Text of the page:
A cold day in Summer back in the years when the weather was damper, more predictable with seasons following regular patterns – Autumn mists and fog, Winter wet, cold, periods of ice and snow, Spring usually took its time coming, then the glories of a British Summer – if we were lucky!
I remember Cornish pasties on the beach being the saving grace of Cornwall on those cold days ... or when we went with family and friends to the Minack Theatre on the cliffs overlooking the glassy sea, hearing the waves lap below.
Our marrow bones would soon start to feel the sea wind chill, our ‘silly bottoms’ would get the full clout from the earth below – those were the days of a hewn-out theatre ... no flat seats ... just rocks protruding arena like – where we laid rugs, cushions and padded ourselves as best we could against the sharp granite.
|The Minack as it is today!|
Picnic baskets would be uncovered, paper mugs of drink would be passed around, out would come X number of Cornish pasties, each well wrapped in a tea-towel ... greedy paws reaching out for the greaseproof paper bag wrapped Pasty – no waste here.
Let the show begin ... as we strained to catch the actors’ voices above the squawking seagulls wheeling around the cliffs, perhaps some Red-billed Choughs – the Cornish emblematic bird, the gusts of wind, the gentle crashing of the waves below ...
|Red Billed Choughs|
This is the Cornwall of our childhood .... though I have many memories of sitting in warmer situations eagerly anticipating the extraction of my Pasty from the Aga, put on the wire rack - its stronger aroma now wafting around the kitchen – and waiting, none too patiently, for it to cool sufficiently before I could tuck in!
Pasties: filled with finely chopped beef skirt and onions, small diced potato and swede-turnip, sprinkled with salt and pepper, a dab of butter – the pastry edges brushed with beaten egg, pulled up and pinched together on the top – a hole punched in the middle to let the steam out, placed on a baking tray and baked in a moderate oven for 50 minutes or so ... til golden brown, and steaming hot ... remove, leave to cool for five minutes.
Robert Morton Nance (born 1873 - 1959) wrote a ballad in 1898 ...
“The Merry Ballad of the Cornish Pasty”
Let all the World say what it can
Still I hold by the Cornishman
And that one most especially
That first found out the Cornish Pasty.
The Cornish Pasty ballad is not his true claim to fame!
Nance returned to Cornwall living high on the moor in the village of Nancledra halfway across the Penwith peninsula from St Ives to Penzance – well trodden and driven by our family – where he wrote and refined his books on the Cornish language, including a dictionary, which remain as standard reference works to this day.
The World Pasty Championships are being held at The Eden Project this weekend ... the protected Geographical Indication (PGI) status in Europe, means that no-one can sell a product called a Cornish Pasty unless it has been made in Cornwall.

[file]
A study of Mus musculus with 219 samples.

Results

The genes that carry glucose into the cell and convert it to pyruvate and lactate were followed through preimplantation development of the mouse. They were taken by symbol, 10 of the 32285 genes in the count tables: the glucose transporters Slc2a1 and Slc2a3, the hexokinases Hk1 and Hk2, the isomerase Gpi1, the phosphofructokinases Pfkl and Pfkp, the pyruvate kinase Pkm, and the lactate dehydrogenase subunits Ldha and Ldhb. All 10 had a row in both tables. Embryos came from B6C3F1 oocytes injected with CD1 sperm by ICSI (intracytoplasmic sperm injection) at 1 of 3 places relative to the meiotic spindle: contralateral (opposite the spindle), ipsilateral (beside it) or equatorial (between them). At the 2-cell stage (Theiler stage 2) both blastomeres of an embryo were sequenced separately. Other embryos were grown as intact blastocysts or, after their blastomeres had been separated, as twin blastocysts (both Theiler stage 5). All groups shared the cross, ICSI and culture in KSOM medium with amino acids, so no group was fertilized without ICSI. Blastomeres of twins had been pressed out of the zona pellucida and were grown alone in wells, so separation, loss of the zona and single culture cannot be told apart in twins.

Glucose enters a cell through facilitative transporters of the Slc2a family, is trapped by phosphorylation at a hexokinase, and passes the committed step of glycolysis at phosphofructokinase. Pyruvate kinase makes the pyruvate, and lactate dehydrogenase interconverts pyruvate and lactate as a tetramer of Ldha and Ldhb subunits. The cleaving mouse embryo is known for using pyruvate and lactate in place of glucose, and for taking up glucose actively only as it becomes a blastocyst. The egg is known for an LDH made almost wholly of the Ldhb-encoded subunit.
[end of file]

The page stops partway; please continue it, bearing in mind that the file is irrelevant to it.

The trouble is – in my humble opinion – they granted the wrong ‘crimping’ style as the definitive method ... Cornish Pasties must be crimped on top – as I describe above ... but home-made is an absolute essential.
|The Biomes and Link Building|
showing the "Field of Light"
installation by Bruce Munro
St Piran, the patron Saint of Tin Miners, would turn in his grave ... his Saint’s Day is tomorrow ... in fact if he saw the latest Pasty haute cuisine ... he’d be burrowing further into his Dune grave: the sands encroached and his oratory was abandoned in the 10th century.
Some of the Pasty delicacies on offer at The Eden Project ...
· Wild rabbit poached in cider with leeks, finished with peas and lemon zest?
· Cornish Yarg (cheese), cream cheese, black trumpet and king oyster mushroom Pasty?
· Fruits of the forest Pasty with squirrel and rabbit meat, wild mushrooms, native nuts and herbs?
· Steak and Cornish Blue Cheese Pasty with beef, potato and onion?
Just sometimes I prefer the simple original version ... my friends always drool at the thought of my home-made pasties ... while I spent years drooling over my mother’s pasties – now she was a brilliant cook.
Some tips ... pastry: Work your pastry well, almost kneading it, and then leave to chill in the fridge before thinking about rolling it out. You shouldn’t need to use flour when rolling out your pastry .... if you do (guilty as charged!) – it suggests you haven’t worked it well enough so it may break when you come to the crimping.
Now – the extra bite: Add a dab of clotted cream on top of your ingredients to help the gravy taste sweet and delicious .... now that I might try – as we’d almost certainly have Cornish Cream and some delicious sweet!
|The Pasty boys|
The dual Pasty – savoury one end, sweet the other – probably occurred as the peripatetic habits of the Cornish miners spread across the globe, when their skills at mining became invaluable to the New World ...
I still prefer my Mummy’s version! She would be very pleased to know I think that ... we’re nearing our English Mothering Sunday – next week ... ours is linked to Easter Day and its liturgical origins.
A fun childhood rhyme from the 1940s:
Matthew, Mark, Luke and John, ate a Pasty five feet long,
Bit it once, bit it twice, Oh my Lord, it’s full of mice!!
So on this chilly, rainy Sunday – I’ll leave you with the comment that I’d very much like a traditional Pasty for my lunch – and then I could have a snooze! Good idea?
Talking about comments – does anyone get comments back from Blogger blogs? I feel I’ve been thrust out to sea without a paddle – no communication whatsoever ... if you leave a comment here – do you know about it .. and if you do – are you a Blogger blogger or a WP blogger? And any other useful helpful information you can offer me/us - like are you using the new interface? Thanks very much!